Rocky Mountain National Park elk are not shy about posing for you. Indeed, they are the ubiquitous ambassadors for the park, and appear seemingly everywhere, at any time.
Some stories, whether focused on travel or a specific issue, deserve a longer treatment.
There are trips where the road is the destination. In America, there’s Route 66, the Blue Ridge Parkway, Skyline Drive in Shenandoah National Park, and Going-to-the-Sun Road in Glacier National Park. After my wife and I explored the northern nexus of Jasper National Park, the world-famous Icefields Parkway beckoned.
“Animal Life as an Asset of National Parks,” proposed two revolutionary ideas, first, that predators should live unmolested in the parks, and second, that education was essential to the visitor experience.
First, north to the heart of the Canadian Rockies. Then, a 9-mile drive on a narrow, twisting road through towering trees. Finally, another half-mile hike over a creek and into the heavens. And there, at the end of the Path of the Glacier Trail, a giant mass of rock reaches into the clouds. At the foot of 11,033-foot Mount Edith Cavell, you feel like you’re worshipping in a temple at the top of the world.
My first day in Costa Rica’s famed Manuel Antonio National Park was, surprisingly, underwhelming. We set out to find sloths and Technicolor birds, but instead we were greeted by dense vegetation, a few spiders, and crowded beaches, with sand too hot to walk on. We left, not understanding what all of the hype was about—much like the first time I went to Yellowstone National Park and didn’t see a bison.
Photographers know the golden hour as those fleeting minutes in the early morning and again in the early evening when the angle of sunshine creates softer, more vibrant lighting for photos. In Yosemite National Park, the golden hour is more like the golden season: autumn.
As the National Park Service celebrates its 100th anniversary, we celebrate ongoing Earth and atmospheric research made possible by conservation efforts.
Swaying to and fro in the afternoon breeze, the River of Grass appears more like a wind-tussled meadow than a river. But beneath the sawgrass the water gurgles and creeps. It flows slowly south from Florida’s great inland sea—Lake Okeechobee—and into Everglades National Park, headed towards its final destination in Florida Bay.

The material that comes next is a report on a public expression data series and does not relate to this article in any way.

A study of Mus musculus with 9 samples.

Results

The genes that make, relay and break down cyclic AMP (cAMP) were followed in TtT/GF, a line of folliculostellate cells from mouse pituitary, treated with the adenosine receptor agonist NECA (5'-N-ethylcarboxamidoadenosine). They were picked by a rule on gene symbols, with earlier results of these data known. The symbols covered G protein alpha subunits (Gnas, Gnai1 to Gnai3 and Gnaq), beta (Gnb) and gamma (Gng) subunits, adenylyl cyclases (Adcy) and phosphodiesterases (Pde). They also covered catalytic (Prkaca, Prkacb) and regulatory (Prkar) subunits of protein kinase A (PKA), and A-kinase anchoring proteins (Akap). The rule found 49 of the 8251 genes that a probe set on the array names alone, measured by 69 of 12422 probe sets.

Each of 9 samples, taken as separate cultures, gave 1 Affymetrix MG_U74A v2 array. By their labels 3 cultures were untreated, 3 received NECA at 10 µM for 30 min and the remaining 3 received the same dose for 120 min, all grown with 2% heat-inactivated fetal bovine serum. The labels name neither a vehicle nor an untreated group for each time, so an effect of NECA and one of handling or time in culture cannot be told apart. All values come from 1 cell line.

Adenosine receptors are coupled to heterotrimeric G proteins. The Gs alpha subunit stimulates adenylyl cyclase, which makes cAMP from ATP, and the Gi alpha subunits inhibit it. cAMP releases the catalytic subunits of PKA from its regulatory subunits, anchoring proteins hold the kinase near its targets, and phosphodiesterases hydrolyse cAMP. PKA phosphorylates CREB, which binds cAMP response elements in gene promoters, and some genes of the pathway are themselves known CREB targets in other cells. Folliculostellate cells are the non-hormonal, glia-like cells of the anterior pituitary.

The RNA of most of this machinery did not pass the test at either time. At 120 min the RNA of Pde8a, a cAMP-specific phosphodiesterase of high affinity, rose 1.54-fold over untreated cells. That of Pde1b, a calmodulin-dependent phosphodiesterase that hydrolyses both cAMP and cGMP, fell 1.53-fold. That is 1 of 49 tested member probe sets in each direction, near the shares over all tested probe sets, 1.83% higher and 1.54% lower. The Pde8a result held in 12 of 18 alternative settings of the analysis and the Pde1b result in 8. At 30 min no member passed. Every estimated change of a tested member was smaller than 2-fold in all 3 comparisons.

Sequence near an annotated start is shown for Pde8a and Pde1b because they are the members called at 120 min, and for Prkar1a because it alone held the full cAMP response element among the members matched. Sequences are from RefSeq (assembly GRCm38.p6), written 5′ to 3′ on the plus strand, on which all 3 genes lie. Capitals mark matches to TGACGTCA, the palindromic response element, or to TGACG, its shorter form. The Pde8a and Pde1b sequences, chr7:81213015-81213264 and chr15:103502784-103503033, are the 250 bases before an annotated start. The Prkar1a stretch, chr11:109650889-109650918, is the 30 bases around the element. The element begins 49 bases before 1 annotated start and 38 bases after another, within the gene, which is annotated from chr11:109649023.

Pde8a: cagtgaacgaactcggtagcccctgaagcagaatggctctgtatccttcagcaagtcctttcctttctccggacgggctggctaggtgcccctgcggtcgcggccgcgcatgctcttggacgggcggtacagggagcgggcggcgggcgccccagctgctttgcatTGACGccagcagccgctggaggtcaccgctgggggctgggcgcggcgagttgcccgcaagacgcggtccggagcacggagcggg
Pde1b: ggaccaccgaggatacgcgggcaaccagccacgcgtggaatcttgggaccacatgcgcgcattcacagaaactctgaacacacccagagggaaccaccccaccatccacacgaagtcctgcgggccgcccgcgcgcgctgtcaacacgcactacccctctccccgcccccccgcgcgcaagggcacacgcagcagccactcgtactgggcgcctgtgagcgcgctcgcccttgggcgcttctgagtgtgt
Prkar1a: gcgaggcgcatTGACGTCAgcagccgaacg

The candles have all been blown out, the balloons popped, and nothing but crumbs are left from the many birthday cakes that marked the National Park Service’s 100th birthday. Now what?
The designation of Kathadin Woods and Waters National Monument was not without contention. When I visited, signs opposing the national monument were common, and the decision will be both positive and negative news to people throughout Maine.
We are nearing the end of a trip of nearly three weeks during which we stayed in or visited 24 national park lodges in Yellowstone, Grand Teton, and Glacier national parks. As a conclusion to three weeks in three of America's most popular national parks we thought it might be worthwhile to offer some thoughts about the trip, the lodges, and the people.
Consider this future scenario: the desire to see the wonders of the American outdoors is considered uninteresting, unfruitful to thought, and an unproductive experience that doesn’t help with life. These thoughts are coming from the parents of the future who pass on their knowledge to their children.
National park leaders today worry about a growing disconnect between national parks and our techno-savvy youth. But our government no longer toils alone with such problems as unemployment and disaffected youth. Today there are hosts of nonprofit park partners and even local communities willing to help. Recently reintroduced to a handful of parks through public spirited philanthropy, the conservation corps for youth is an exceptionally impactful program from the past that should be a part of every national park's future.
When you're done hiking in the park or touring Skyline Drive, these Blue Ridge small towns have much to offer visitors.
The slide projector whirred on the table next to my desk as Mrs. Sampson, our fourth-grade teacher, worked the balky advancement mechanism. She had purchased the Kodachromes in strips from a gift shop during her summer vacation, and the images on the screen transfixed me: vertical cliffs of white granite, waterfalls misting in midair, pine trees rising from a grassy riverbank.
Throughout the past century, the NPS has excelled at providing opportunities for adventure, beauty, and shared experience. Looking forward, I challenge the agency to embrace its role in providing a place where the global public can step outside the social trappings that obscure their vision in everyday life in order to address the most challenging social issues of our day.
One of Yellowstone National Park's most ambitious construction projects is nearing completion. Canyon Lodge, largest of the park's nine lodging facilities, has undergone a facelift of major portions. Five large modern lodge buildings, each with approximately 80 guest rooms, will replace all of the 350 Frontier and Pioneer cabins that have been removed.
The centennial of the National Park Service (NPS) is inspiring an impressive amount of soul-searching about the agency and the lands for which it is responsible. This is timely and potentially beneficial. As many analysts as well as agency employees themselves have long argued, the NPS faces serious challenges that affect the preservation and management of these precious lands.
As the National Park Service tries to determine just how extensive sexual harassment and misconduct might be across its 20,000-workforce, questions about the appropriateness of Sports Illustrated's use of national parks to show off scantily glad models have surfaced.